Yosefe Bolamoyo is a potato farmer based in the city of Mzuzu. The only market that Bolamoyo has for his potatoes is along the road which passes through Vigwagwa Market in the city.
There are times he makes loses when his potatoes develop black heart compromising quality mostly when they stay long in the sun on the open road market.
What Bolamoyo suggests is having entities that would be purchasing grains, semi- perishables and perishables from farmers and sell them as semi-finished or finished products.
But as reality has it, most farm produce such as semi-perishables and perishables are left to waste along the roads of Malawi and in most cases farmers are forced to sell them at the lowest price just to get rid of them.
“In 2011, I lost K450 000 after supplying rotten potatoes to Mzuzu University, all because I had no market to sell them in time,” Bolamoyo recalls.
Bolamoyo now lust for regional markets to open under the free trade area banner so that losses can be minimised.
Bolamoyo now hopes the grand Tripartite Free Trade Area (TFTA) offers hope to farmers that in future more buyers will pop up as markets open up in the region.
President Peter Mutharika already signed the (TFTA) agreement at the Egyptian resort city of Sharm El Sheikh on June 10.
The TFTA aims at bringing three regional economic communities (REC) of (Comesa), East African Community (EAC) and Sothern Africa Development Community (Sadc) into a common market from Cape to Cairo.
With a combined population of 625 million people, covering 17.3 million square kilometres and with their gross domestic product (GDP) at $1.3 million, the TFTA will enable countries that previously were not able to access other markets to do so.
For example, Egypt and Kenya will be able to access South African market, which currently they are not able to as they are Comesa member States while South Africa is under Sadc.
Muthalika has since labelled the TFTA meeting as one of the most important meetings his government has attended so far.
Mutharika is on record saying the country must take advantage of the TFTA to produce goods that can sell on the bigger market and if we do not have such goods then there is no point having such a market.
Does Malawi have such goods to compete with at a larger African market
running from Cape to Cairo?
According to Comesa’s report, Key Issues in Regional Integration III Malawi’s export potential is in live poultry, groundnuts, cotton seed, natural calcium phosphates, precious stones (other than diamonds) and semi-precious stones.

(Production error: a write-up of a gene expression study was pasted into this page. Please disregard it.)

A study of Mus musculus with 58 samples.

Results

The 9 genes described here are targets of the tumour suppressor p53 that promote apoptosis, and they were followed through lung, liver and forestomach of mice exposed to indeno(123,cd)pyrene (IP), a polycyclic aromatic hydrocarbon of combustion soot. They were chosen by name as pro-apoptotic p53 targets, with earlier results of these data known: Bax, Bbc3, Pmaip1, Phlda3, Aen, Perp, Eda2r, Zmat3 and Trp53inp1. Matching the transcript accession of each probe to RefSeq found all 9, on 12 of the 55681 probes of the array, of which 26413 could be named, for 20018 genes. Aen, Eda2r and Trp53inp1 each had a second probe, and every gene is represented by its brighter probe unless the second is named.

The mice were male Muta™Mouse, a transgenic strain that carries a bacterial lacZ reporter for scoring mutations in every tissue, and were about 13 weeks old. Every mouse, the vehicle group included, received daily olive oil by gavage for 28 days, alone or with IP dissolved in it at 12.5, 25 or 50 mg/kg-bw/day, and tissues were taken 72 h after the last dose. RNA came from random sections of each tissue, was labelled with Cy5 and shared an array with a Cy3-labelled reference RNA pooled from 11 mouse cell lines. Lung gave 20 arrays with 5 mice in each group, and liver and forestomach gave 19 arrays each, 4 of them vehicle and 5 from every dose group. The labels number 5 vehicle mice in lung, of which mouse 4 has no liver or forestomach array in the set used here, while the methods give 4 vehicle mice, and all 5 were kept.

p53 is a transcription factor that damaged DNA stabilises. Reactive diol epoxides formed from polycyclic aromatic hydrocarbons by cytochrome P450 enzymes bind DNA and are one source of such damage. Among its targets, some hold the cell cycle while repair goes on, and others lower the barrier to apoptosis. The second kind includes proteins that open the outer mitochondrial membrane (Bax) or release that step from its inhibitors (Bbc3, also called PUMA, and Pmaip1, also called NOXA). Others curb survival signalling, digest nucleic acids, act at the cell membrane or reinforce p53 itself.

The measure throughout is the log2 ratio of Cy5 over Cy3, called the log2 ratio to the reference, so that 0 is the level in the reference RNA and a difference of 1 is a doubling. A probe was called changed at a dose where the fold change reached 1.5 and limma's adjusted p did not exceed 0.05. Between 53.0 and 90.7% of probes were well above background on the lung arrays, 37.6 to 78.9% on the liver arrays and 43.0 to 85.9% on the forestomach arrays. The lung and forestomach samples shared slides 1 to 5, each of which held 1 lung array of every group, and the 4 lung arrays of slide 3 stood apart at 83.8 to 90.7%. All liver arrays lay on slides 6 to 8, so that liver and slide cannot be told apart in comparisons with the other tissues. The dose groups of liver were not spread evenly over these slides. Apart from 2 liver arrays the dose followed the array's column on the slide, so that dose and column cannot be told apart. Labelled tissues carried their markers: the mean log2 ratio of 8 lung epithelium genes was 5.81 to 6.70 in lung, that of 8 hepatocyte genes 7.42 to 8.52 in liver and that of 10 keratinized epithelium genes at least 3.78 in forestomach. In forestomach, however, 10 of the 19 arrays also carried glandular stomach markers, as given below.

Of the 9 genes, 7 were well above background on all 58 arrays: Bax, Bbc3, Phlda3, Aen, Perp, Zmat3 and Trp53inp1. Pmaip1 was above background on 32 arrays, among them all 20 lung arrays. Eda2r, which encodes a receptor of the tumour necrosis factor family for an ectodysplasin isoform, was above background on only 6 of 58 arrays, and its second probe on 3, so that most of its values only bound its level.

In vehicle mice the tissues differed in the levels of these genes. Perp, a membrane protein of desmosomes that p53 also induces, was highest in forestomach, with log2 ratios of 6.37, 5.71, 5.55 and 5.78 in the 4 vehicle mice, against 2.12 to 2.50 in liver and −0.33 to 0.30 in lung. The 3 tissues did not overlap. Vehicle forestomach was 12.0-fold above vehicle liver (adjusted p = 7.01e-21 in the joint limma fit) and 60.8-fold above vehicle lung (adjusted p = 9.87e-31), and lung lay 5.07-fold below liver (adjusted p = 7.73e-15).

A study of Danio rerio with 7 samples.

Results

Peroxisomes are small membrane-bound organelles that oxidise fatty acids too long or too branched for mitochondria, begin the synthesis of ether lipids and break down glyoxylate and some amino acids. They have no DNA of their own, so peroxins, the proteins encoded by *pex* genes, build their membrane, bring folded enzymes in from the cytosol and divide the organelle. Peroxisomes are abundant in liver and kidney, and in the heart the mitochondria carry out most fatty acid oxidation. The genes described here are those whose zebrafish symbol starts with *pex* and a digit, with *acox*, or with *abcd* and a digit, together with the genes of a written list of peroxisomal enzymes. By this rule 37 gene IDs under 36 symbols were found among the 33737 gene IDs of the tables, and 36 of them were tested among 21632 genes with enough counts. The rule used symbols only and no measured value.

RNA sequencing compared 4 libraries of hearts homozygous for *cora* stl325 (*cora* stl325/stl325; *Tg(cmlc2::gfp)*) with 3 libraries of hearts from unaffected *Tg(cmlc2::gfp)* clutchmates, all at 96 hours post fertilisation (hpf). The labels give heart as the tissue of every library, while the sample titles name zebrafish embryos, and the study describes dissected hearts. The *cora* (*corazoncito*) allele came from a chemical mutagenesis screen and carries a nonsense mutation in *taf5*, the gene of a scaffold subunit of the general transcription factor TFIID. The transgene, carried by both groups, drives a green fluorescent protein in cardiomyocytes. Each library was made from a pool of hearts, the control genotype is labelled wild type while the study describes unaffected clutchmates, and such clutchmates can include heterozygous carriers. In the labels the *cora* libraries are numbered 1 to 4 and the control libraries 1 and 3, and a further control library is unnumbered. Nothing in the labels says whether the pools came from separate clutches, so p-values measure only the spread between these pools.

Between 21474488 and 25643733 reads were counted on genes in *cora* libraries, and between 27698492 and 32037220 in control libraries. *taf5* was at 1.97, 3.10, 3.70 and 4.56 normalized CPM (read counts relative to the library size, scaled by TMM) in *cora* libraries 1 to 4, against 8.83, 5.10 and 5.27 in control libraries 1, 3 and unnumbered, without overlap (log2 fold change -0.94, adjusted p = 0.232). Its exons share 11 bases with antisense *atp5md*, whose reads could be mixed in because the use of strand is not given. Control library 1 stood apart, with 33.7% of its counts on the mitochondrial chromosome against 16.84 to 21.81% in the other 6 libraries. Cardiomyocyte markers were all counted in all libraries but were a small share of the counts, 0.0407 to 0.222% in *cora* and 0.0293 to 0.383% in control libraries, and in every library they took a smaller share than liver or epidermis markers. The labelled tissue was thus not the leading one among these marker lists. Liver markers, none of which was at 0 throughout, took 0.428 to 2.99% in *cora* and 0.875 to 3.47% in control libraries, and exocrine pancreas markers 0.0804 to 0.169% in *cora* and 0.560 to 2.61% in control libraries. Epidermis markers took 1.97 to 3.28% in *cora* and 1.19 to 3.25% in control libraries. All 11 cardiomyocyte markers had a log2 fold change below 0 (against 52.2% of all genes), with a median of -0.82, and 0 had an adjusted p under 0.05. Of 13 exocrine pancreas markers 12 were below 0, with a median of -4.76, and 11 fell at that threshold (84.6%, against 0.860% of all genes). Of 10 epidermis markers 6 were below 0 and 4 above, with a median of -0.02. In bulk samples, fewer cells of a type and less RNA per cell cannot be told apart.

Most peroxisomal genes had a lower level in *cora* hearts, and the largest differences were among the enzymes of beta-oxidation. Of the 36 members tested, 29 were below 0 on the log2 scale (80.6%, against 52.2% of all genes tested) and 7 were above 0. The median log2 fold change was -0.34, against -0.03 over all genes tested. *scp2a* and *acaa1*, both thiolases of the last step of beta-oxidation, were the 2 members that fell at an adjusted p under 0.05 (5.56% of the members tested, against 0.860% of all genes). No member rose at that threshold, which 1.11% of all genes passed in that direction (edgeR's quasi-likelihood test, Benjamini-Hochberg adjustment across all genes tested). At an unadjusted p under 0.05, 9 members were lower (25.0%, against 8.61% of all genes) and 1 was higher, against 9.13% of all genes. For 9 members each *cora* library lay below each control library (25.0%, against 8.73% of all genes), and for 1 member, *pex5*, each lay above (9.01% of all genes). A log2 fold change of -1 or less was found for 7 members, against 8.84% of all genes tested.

That is why former president of the Malawi Confederation of Chambers of Commerce and Industry (MCCCI) Mathews Chikankheni says Malawi should be more aggressive on exporting agricultural produce processed into semi or finished products.
“Let the business community seize this opportunity and be more aggressive in exports,” Chikankheni says.
While there are fears that big economies in the TFTA will override smaller economies like Malawi, Chikankheni is upbeat about Malawi’s potential.
“Malawi needs to concentrate on areas that it can compete best. Let us turn the National Export Strategy (NES) into reality,” he said.
Chikankheni said Malawi has oil seeds such as soya and groundnuts, which can be processed and exported as well as boosting sugar exports.
He says the country needs to move a few steps forward and start processing agricultural produce.
Common Market for Eastern and Southern Africa Competition Commission (CCC) executive director George Lipimile contends that the country should also strive to reduce agricultural produce.
He says Malawi is wasting a lot of agricultural produce by selling them along the roads.
“Travelling through Blantyre to Lilongwe, I see a lot of wastage in these items that would otherwise be processed into finished products and be exported,” he says.
If processed, Lipimile said such products would help Malawi to compete in the TFTA when it is ratified in 2017.
Benefits of integration
Regional integration has been considered as one of the prominent strategies for development among countries and regions as it promotes economic growth, industrialisation, infrastructure development and investment.
Therefore, with TFTA, which is being held by traditional market integration, infrastructure development, and industrialisation as its three pillars, there is so much hope for Malawi to grab more opportunities than challenges from the regional economic communities (RECs).
As the general secretary for Comesa Sindiso Ngwenya rightly puts it, TFTA is an opportunity to Comesa member States and not a threat, but the challenge is to get this message across to the general public, civil servants and private sector.
Will Malawi seize the opportunity and work on value -addition chain?